Grizzly Bear

Friend EP

(Warp; 2007)

By Conrad Amenta | 30 December 2007

Grizzly Bear are a golem: assembled from unequal parts solo acts, guest spots, acoustic aesthetics, electrics and electronics, remix projects, traditional rock 'n roll songwriting mores, and a sense of temporary urban cool, these now-indistinguishable parts constitute a shuddering mass of size and strength. It's tricky to build while reigning and controlling, which is why Yellow House (2006) is still an accomplishment and lasting listen for how its unbroken façade still implies the multifarious. But step outside that album's warm confines and watch Grizzly Bear perform live: the songs are not the product of collaboration for collaboration's sake, the satiation of some "what if?" There's a distinguishing taste at work, trimming and refining as it includes and amends; the band's juggernaut sound emits from song structures as ordered but delicate as a cat's cradle. Substance is spun seemingly of the inchoate. That makes this EP -- a too-long distillation of gorgeous imaginings, new material, and covers by vastly inferior bands -- the diegesis of both how Grizzly Bear make music and that music's endemic problems.

I recently saw Grizzly Bear play to a half-capacity university theater, at which they erected for the skeleton crowd cavernous testaments to former iterations. It was there I heard the version of "Little Brother," "Deep Blue Sea," and "Alligator" that are here faithfully recreated; that impossible live sound, less testaments to myth-laden artists than wormholes, are captured more effectively here than on anything the band has done prior. Grizzly Bear as a torrent rising are pegged. The EP's first half-dozen tracks pose the serious question of whether Friend is a small foothold in an ascending arc of heteroglossic efforts or, as unlikely as it seems, even a worthy follow up to one of last year's best albums.

At which point you listen to CSS provide the first of two covers of "Knife," a song with value only outmatched by how, quizzically, it's used as a go-to for appreciation of Yellow House's immense depth. Grizzly Bear are one of a few conventional bands to emerge from the last couple of years' music to transcend the long-stilted format of singles and rotation, and yet the position of "Knife" as a polished demonstration of the Yellow House's otherwise meandering treasure map track list is unreasonably cemented, not only because it's performed more than once on an EP, but in that it's performed by a band like C.S.S., who, being less interested in transcending, weakly conform to a status quo that demands the band not only do all the work of music making but all the work ordering their fanbase's listening. It's not strange that C.S.S. would play "Knife" or be featured on an EP doing so. That it would be an EP in the Grizzly Bear discography, and one that's first half stands towering on its hind legs, is both strange and instantly diminishing.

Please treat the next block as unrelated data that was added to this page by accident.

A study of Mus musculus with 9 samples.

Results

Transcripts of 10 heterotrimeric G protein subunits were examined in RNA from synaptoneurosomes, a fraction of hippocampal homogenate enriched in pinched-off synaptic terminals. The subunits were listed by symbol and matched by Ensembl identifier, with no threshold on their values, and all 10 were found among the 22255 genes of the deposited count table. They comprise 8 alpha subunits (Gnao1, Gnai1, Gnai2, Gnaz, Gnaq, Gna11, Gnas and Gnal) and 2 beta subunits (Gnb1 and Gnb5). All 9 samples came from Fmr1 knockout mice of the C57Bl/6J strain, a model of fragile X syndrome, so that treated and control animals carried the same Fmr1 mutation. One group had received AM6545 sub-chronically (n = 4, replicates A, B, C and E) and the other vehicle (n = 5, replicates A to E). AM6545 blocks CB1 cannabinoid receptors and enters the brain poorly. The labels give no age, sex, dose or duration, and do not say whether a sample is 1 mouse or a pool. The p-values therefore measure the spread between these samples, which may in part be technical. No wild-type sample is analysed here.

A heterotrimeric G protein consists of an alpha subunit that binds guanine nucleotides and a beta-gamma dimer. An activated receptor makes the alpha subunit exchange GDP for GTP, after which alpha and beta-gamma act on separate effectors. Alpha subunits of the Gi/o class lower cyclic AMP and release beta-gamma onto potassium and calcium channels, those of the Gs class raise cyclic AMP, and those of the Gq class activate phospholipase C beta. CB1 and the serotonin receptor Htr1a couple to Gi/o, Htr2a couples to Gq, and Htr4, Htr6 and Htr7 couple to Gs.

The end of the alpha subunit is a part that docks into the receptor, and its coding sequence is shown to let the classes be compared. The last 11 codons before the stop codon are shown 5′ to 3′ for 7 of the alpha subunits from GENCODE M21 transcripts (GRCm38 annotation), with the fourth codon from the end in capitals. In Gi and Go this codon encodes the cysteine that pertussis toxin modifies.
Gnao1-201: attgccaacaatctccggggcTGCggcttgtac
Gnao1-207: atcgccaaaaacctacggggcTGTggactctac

Band of Horses generate more interest for the fact that theirs is a two-dimensional use of the same aesthetic that Grizzly Bear so masterfully unfurl. Where Yellow House's central metaphor of the unexplored, history-rich address was a perfect image for music with details so precise, idiosyncratic and fascinating, Band of Horses lazily toss a drop-cloth of reverb over the soulless condominium of their rock and rolling. One imagines how material like "Plans" might force them to extend that aesthetic and plumb new depths, but that's unreasonable: Band of Horses are a perfectly likeable band precisely because they contrast how those ocean-bottom depths can be alienating and demanding. "Plans" is here reduced, like Band of Horses, into an inoffensive platitude, a curiosity with no place in such a great band's spectrum.

That this eleven track disc is classified as an EP at all is an excuse, a request that one look the other way when encountering its weaker half and duplicates. Friend is neither the ingenious remix album of 2004's Horn of Plenty nor is it something new: it's a flimsy apparatus set up around an opening salvo so promising that most of it was best left for the next album. That an EP might feature an incredible cover of The Crystals is less distressing than to pair said cover with fleshed-out and unimaginative clutches at an out-of-reach golden ring. The Rossen home recording of "Deep Blue Sea" is a gentle, broken bird of a thing that elegantly closes a mangled and disjointed second phase, and concludes Friend with the assertion that if an EP offers up so much quality material with the exception of only a few tracks, which are less likable for their lack of subtlety than an inherent lack of quality, really, that it should be held up for strong consideration and make it imminently purchasable. But Grizzly Bear should be more than a sum at the end of an equation, or a careful weighing of pros and cons: they're a great band, one who should be followed and watched. And, like most great bands, their latest is crippled most by the specter of what it might have been rather than what it is.